Senator John J. Bonacic (R/C/I – Mt Hope) has introduced legislation (S.4774) to eliminate the MTA Tax in the Hudson Valley and Long Island. Four of Senator Bonacic’s Republican Colleagues, Senators Greg Ball, Bill Larkin, Steve Saland, and Lee Zeldin, have joined him in co-sponsoring the legislation.
The bill would eliminate the MTA Tax in Orange, Dutchess, Putnam, Rockland, Westchester, Suffolk and Nassau Counties. In turn, the legislation would authorize the New York City Council to establish tolls on the Brooklyn, Manhattan, Williamsburg and Queensboro bridges over the East River for the purpose of providing an additional dedicated source of funding for the Metropolitan Transportation Authority (MTA).
The MTA tax was enacted in the Senate in 2009 when the Senate, Assembly, and Governor were all under Democratic control. It was passed in the Senate in a partisan 32-30 vote. Every Democrat in the Senate voted for the tax, and every Republican voted against the tax.
Senator Bonacic said, “Since the tax’s enactment, the MTA has not demonstrated it is any more effective in providing services to the people of the Hudson Valley and Long Island. It remains, as I said when the tax was first proposed, ‘taxation without transportation’ on the people of our region.”
Tolls on the East River bridges have been projected to bring in more revenue than the MTA tax, and are a fairer option.
According to a 2003 analysis, East River Bridge Tolls: Revenue, Traffic, Mobility and Equity Impacts; prepared by Schaller Consulting, tolls on the East River Bridges would bring in $522 million in annual revenue if the city adopted toll charges between $2.50 and $5. In comparison, an analysis done in June 2009, by State Comptroller Thomas P. DiNapoli projected that the MTA tax would bring in $394.3 million in revenue from Long Island and Hudson Valley. That means the bridge tolls would be more than enough to make up any lost revenue if the MTA payroll tax ended outside of New York City. However, the accuracy of the Comptroller’s initial projection has come into question given the current recession – meaning perhaps even less revenue would be necessary to make up the difference if the MTA payroll tax was eliminated.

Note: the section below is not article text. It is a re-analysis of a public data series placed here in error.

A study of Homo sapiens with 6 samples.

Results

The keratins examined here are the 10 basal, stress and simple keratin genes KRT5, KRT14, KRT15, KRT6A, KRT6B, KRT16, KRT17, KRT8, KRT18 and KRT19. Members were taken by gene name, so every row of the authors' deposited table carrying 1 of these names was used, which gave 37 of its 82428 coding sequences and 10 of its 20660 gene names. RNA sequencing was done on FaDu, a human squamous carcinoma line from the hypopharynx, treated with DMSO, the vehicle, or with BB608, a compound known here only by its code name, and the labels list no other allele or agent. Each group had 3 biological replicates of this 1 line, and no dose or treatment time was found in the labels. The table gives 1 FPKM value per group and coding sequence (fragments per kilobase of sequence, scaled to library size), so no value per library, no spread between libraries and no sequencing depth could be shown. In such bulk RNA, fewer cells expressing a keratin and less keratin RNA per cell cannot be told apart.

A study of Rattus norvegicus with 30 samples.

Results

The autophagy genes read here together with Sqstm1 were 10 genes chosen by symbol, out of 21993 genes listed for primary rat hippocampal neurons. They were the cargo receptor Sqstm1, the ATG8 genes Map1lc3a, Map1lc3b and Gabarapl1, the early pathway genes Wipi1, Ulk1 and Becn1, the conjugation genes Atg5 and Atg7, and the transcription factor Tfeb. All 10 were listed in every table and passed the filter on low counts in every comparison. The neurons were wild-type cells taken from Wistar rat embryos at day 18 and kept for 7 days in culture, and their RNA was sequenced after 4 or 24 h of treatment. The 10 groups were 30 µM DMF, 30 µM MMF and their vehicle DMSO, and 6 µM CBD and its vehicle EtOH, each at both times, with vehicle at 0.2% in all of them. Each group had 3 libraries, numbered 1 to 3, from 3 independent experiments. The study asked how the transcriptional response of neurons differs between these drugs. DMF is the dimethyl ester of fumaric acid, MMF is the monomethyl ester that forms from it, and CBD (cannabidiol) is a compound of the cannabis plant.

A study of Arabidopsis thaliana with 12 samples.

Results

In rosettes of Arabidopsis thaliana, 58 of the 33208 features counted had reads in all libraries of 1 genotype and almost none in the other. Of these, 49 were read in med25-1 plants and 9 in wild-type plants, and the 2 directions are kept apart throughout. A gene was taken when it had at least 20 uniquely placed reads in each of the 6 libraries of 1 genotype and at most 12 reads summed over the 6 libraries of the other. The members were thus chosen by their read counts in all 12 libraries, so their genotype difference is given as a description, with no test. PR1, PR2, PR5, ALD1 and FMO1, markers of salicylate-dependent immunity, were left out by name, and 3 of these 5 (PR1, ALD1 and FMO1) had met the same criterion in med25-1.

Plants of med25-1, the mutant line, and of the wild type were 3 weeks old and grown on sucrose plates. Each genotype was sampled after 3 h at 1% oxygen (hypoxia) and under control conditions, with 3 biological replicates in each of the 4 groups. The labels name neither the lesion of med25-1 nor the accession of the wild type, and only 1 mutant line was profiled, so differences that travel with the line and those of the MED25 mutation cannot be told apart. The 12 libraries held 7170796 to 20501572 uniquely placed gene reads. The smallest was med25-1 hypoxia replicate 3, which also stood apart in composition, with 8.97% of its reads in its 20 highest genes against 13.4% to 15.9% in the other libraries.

“People commute to New York City from New Jersey and Connecticut. My proposal is not a pie in the sky repeal of the MTA tax, which leaves a gaping hole in the MTA’s budget. Rather, it puts the financial onus on the people who commute to New York City and drive around New York City, rather than the small businesses, non-profits, and local governments whose employees, by virtue of the fact that they are working here in the Hudson Valley and Long Island, are not using the MTA to go to or from work,” Senator Bonacic said.
Town of Chester Supervisor Steve Neuhaus, whose community is part of a lawsuit to declare the MTA tax unlawful, likes Bonacic’s alternative. “The MTA tax is also a property tax. Town’s like Chester spend thousands of dollars on the MTA tax. That cost is passed onto our property taxpayers. Simple fairness dictates that those who use the City’s bridges and subways and train system ought to pay for it. Orange County’s small business owners and local governments, whose employees do not use the MTA to get to and from work, should not be on the hook to pay the MTA tax. Senator Bonacic’s plan is fair, which is what we should expect from our government.”
Neuhaus also added that the MTA tax was proof of the need for political balance in State government. “If you had had a Republican Senate in 2009, the MTA tax would not have happened. Now, we need Assembly Democrats to join with their Senate Republican colleagues and urge a repeal of this tax,” Neuhaus said.
According to Comptroller DiNapoli’s 2009 report, Orange County’s local governments, businesses, and non-profits are expected to contribute $17.9 million annually through the MTA tax. Dutchess County’s local governments, small businesses, and non-profits are expected to contribute $17.7 million.
“Whether the Comptroller’s numbers hold or not, it is evident that tolls on the East River bridges, even based on a 2003 study, will be more than enough to off-set the MTA payroll tax. In addition, tolling bridges encourages people to use the MTA, and we all know that mass-transit is better for the environment. Tolling the East River bridges is a win for the subway, encourages more use of the MTA’s trains, and is better for the environment. It is a reasonable compromise to what was a purely partisan tax, and should be looked at by the Senate and Assembly,” Bonacic said.
Senator Bonacic is offering his legislation to any Assembly Democrat in the MTA region to sponsor. “A lot of Assembly Democrats spoke out against the MTA tax but they had no partners in the Senate. Now they have partners in the Senate Republican Majority who want to take on the MTA tax. I hope these Assembly Majority Democrats put their objections to the MTA tax into action, sponsor this legislation, and work with me to enact it,” concluded Senator Bonacic.